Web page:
Carnegie Mellon University

Ben Titzer

Dr. Ben Titzer

Principal Researcher, Institute for Software Research

  • 447 TCS Hall
Address
5000 Forbes Avenue
Pittsburgh, PA 15213

Bio

I am a Principal Researcher in the Institute for Software Research since January 2022. My research focuses on systems; systems programming languages, compilers, virtual machines, and managed runtime systems, as well as the higher-level systems that they support. In 2014 I co-founded WebAssembly, and today I focus on increasing WebAssembly’s usefulness and reach for academic research as well as applicability to new domains such as Edge computing.

I am building a new WebAssembly engine for research and experimentation! Called The Wizard Engine, it focuses on simplicity and flexibility, while still having competitive performance. It’s small and well-suited for students to learn how Wasm engines work. It already has a few innovative features and line-for-line is featureful yet easy to read.

I earned my PhD in Computer Science at UCLA in 2007 under Professor Jens Palsberg. At UCLA I focused on compiler and language design for *really* small computers—microcontrollers with just a few kilobytes of RAM and a few tens of kilobytes of flash. I developed Virgil, a safe object-oriented language with some functional features that compiled down to these small devices. Masters work included Avrora, a highly-multi-threaded sensor network simulator. Prior to that, I earned my BS in Computer Science at Purdue and was a member of the OVM research project, a Java-in-Java virtual machine emphasizing modularity and real-time operation. During school, I interned at Sun Labs and IBM T.J. Watson, working on both the HotSpot JVM and the J9 JVM.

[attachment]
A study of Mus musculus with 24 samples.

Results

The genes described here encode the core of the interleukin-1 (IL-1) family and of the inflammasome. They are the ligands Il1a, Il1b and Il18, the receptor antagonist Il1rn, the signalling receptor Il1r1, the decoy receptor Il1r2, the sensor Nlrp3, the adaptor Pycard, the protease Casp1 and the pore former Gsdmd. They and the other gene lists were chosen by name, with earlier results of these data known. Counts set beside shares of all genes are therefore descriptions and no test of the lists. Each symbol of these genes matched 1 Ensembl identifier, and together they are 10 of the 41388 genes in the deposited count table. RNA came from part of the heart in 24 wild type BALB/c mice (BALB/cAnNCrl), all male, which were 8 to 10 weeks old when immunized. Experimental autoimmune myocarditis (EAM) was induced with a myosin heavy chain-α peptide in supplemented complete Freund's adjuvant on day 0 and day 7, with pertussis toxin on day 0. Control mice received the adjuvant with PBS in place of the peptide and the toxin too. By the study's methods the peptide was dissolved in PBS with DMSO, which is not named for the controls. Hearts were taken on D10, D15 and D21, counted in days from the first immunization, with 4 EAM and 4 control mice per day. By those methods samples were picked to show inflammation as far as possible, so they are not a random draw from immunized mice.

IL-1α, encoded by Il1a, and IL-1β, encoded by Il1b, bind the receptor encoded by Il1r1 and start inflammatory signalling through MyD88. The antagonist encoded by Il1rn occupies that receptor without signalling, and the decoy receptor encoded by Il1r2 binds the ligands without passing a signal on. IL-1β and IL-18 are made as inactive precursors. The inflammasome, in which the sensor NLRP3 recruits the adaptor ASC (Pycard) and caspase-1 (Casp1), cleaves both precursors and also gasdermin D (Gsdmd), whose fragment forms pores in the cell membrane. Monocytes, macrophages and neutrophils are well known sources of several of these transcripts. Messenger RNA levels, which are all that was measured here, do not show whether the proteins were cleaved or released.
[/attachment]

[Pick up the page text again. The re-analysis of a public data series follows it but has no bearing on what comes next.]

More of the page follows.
Prior to joining CMU, I spent nearly 15 years in industry and industrial research labs. From 2007-2010 I was a Member of Technical Staff at Sun Microsystems Laboratories, where I was a core member of the Maxine VM team, another Java-in-Java virtual machine effort that eventually gave rise to Truffle/Graal. From 2010-2013 I worked for Google in Mountain View on internal exception monitoring tools at scale, and from 2013-2019 I worked for Google in Munich, Germany, as a core member of the V8 team, the JavaScript engine that powers Google Chrome. On the V8 team, I designed the TurboFan optimizing compiler and led the team that built its initial architecture, first shipped for asm.js. In 2014 I co-founded the WebAssembly project with Luke Wagner from Mozilla. Together we built an international collaboration among all browser vendors to develop WebAssembly and establish it as a new bytecode for the Web. At Google I led and managed the team that designed and implemented Wasm in V8 from 2015-2019, working with engineers from several teams across the company. 

I got mugged from 2017 to 2019 as Google’s V8 team ended up on the front lines of Chrome’s response to the Spectre class of side-channel vulnerabilities. I and engineers from V8 did pioneering research to understand and mitigate the threats for the Web. We published our findings in a paper that sounds more dire the more times you read it.

In 2020 I spent nearly a year at Australian National University in Canberra, where I taught undergraduate compilers as a Senior Lecturer and did research as a Research Fellow.

In 2021 I conducted independent research on Wasm and a part-time private consultancy.

I still work on the Virgil programming language to this day. In fact, it forms the basis of my further research into WebAssembly. Virgil’s a great language!